Unix Metaphors

If only people were as transparent as computers.

Timothy Wilson, Professor of Psychology at the University of Virginia, in his book, “Strangers to Ourselves,” introduced the idea of the adaptive unconscious. In essence, some 80% of your thinking happens automatically. Think of the adaptive unconscious as that generator in the basement that powers your actions–instead of what you consciously will. Similarly, your computer also has lots going on in the background beyond the few programs you’ve asked it to run, but unlike the adaptive non-conscious, it’s possible to learn exactly what your computer doing.

For example, this PowerBook that I’m writing this entry on is running Mac OS X–a modern operating system with a Unix underbelly. Developed by AT&T Bell Labs in the late 1960s, Unix was designed to multi-task. Ever wonder what your computer was really up to? Launch a terminal window and just type “top.” For my poor friends marooned in the Windows world, try Start>Run>taskmgr for a similar, though less informative, result.

In the words of the venerable unix manual pages, top is the “display and update sorted information about processes.” It’s a list of all the programs and sub-programs that are running, how much processor power the process or program is consuming, and how memory its using. In non-geek speak, it’s what’s going on underneath the hood.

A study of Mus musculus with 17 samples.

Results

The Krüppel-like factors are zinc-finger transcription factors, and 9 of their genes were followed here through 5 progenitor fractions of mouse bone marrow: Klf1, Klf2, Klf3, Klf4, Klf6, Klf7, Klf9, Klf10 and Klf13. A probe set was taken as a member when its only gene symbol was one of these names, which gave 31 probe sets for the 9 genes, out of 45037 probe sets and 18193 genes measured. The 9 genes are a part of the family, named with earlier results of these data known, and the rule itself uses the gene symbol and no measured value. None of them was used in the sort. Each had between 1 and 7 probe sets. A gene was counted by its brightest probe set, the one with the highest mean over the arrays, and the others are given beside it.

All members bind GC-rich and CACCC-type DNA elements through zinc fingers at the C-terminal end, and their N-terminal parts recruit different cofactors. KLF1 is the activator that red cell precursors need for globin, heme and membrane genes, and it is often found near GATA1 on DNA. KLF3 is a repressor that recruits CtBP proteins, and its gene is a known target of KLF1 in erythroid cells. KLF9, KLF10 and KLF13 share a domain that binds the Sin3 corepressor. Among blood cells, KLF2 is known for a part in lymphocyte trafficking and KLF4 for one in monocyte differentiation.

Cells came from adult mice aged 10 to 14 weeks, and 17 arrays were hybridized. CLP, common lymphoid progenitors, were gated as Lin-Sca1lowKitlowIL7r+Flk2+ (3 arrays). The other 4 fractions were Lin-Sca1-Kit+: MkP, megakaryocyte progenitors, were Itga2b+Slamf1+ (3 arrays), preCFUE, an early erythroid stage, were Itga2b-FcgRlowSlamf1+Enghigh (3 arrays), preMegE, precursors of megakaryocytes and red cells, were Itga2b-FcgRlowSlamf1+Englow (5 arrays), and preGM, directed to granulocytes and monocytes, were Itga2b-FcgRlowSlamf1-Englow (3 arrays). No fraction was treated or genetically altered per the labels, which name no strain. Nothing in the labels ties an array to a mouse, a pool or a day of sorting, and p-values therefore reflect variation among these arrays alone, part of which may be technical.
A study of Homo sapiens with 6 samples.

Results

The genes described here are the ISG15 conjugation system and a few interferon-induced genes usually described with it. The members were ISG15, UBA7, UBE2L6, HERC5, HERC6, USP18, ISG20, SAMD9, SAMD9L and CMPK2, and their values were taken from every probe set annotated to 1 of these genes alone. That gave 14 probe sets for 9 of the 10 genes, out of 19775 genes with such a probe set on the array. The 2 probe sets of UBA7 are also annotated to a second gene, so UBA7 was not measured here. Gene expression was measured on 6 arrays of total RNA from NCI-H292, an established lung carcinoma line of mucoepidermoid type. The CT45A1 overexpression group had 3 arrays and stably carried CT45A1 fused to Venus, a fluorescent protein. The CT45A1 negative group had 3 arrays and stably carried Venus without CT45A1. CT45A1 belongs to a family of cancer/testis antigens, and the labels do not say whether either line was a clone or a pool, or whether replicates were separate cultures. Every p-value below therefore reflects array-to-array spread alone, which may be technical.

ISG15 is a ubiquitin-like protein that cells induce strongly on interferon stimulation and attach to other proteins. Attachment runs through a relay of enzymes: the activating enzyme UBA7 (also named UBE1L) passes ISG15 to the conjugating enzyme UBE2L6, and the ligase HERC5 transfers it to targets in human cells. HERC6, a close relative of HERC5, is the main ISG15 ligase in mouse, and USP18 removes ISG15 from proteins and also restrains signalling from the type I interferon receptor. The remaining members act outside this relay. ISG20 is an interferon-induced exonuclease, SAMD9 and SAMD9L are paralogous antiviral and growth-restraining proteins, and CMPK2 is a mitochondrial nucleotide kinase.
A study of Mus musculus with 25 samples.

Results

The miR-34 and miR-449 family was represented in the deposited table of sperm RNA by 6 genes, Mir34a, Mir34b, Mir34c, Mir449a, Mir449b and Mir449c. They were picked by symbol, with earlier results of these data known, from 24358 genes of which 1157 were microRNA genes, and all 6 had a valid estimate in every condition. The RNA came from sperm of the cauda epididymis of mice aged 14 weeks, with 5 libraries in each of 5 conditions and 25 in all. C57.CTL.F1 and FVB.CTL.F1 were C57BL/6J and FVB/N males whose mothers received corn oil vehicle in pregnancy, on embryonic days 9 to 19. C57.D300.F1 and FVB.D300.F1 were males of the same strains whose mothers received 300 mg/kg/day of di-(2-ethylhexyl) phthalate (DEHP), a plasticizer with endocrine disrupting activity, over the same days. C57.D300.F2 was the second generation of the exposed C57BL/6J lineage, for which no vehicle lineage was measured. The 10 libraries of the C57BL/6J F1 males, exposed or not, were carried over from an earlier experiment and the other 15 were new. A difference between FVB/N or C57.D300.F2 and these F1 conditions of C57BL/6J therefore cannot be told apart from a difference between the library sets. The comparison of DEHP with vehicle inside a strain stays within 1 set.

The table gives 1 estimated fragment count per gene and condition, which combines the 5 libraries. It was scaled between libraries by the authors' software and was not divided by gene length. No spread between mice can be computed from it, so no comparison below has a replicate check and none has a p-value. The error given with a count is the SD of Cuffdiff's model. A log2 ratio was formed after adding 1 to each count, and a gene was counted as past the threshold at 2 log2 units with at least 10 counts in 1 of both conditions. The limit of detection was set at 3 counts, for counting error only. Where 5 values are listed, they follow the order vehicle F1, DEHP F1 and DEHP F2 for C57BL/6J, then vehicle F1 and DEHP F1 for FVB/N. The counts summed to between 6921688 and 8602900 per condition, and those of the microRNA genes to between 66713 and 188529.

People do not come with shells or command lines–at least, not yet, but what if they did? Here’s my guess at what my own “top” command might show:

$tedbongiovanni> top

things of which i am not consciously aware 80 %
writing 20%
music listening 3%
excitement about trip 1%
environmental filtering 1%
wedding planning .5%
wedding anxiety .5%
wedding bliss .5%
work problems, i mean, “challenges” .5%
forgotten items .5%
vague worry about forgotten to do’s .5%
fear that kerry will lose election .5%
hope .5%
anger that bush is president .5%
memory repression .5%
belief that people are basically good .5%
thinking about breathing .25%
thinking about digestion .25%
thinking about blinking .25%
thinking about heart beating .25%

You might conclude from this list that I worry a lot–and you’d be right. But, I wonder how the engineers who created the original version of Unix were thinking when they created the top command. Was it part of a debugging routine? Something’s wrong, where’s the problem? Or was it something they specified from the start–a list of all the things we’ve asked the system to do. Or was it some sort of longing for what Wilson got at in his book–a non-conscious desire to understand what was going on inside the brain?

It’s difficult to discern the motivations that lurk in people’s hearts. Though even the top command is a bit like that line on statistics being like a bikini–“it conceals more than it reveals.” Wilson advocates looking at actions and soliciting feedback about our behavior to gain a greater understanding of ourselves–perhaps the best approximation of “top” available to humans.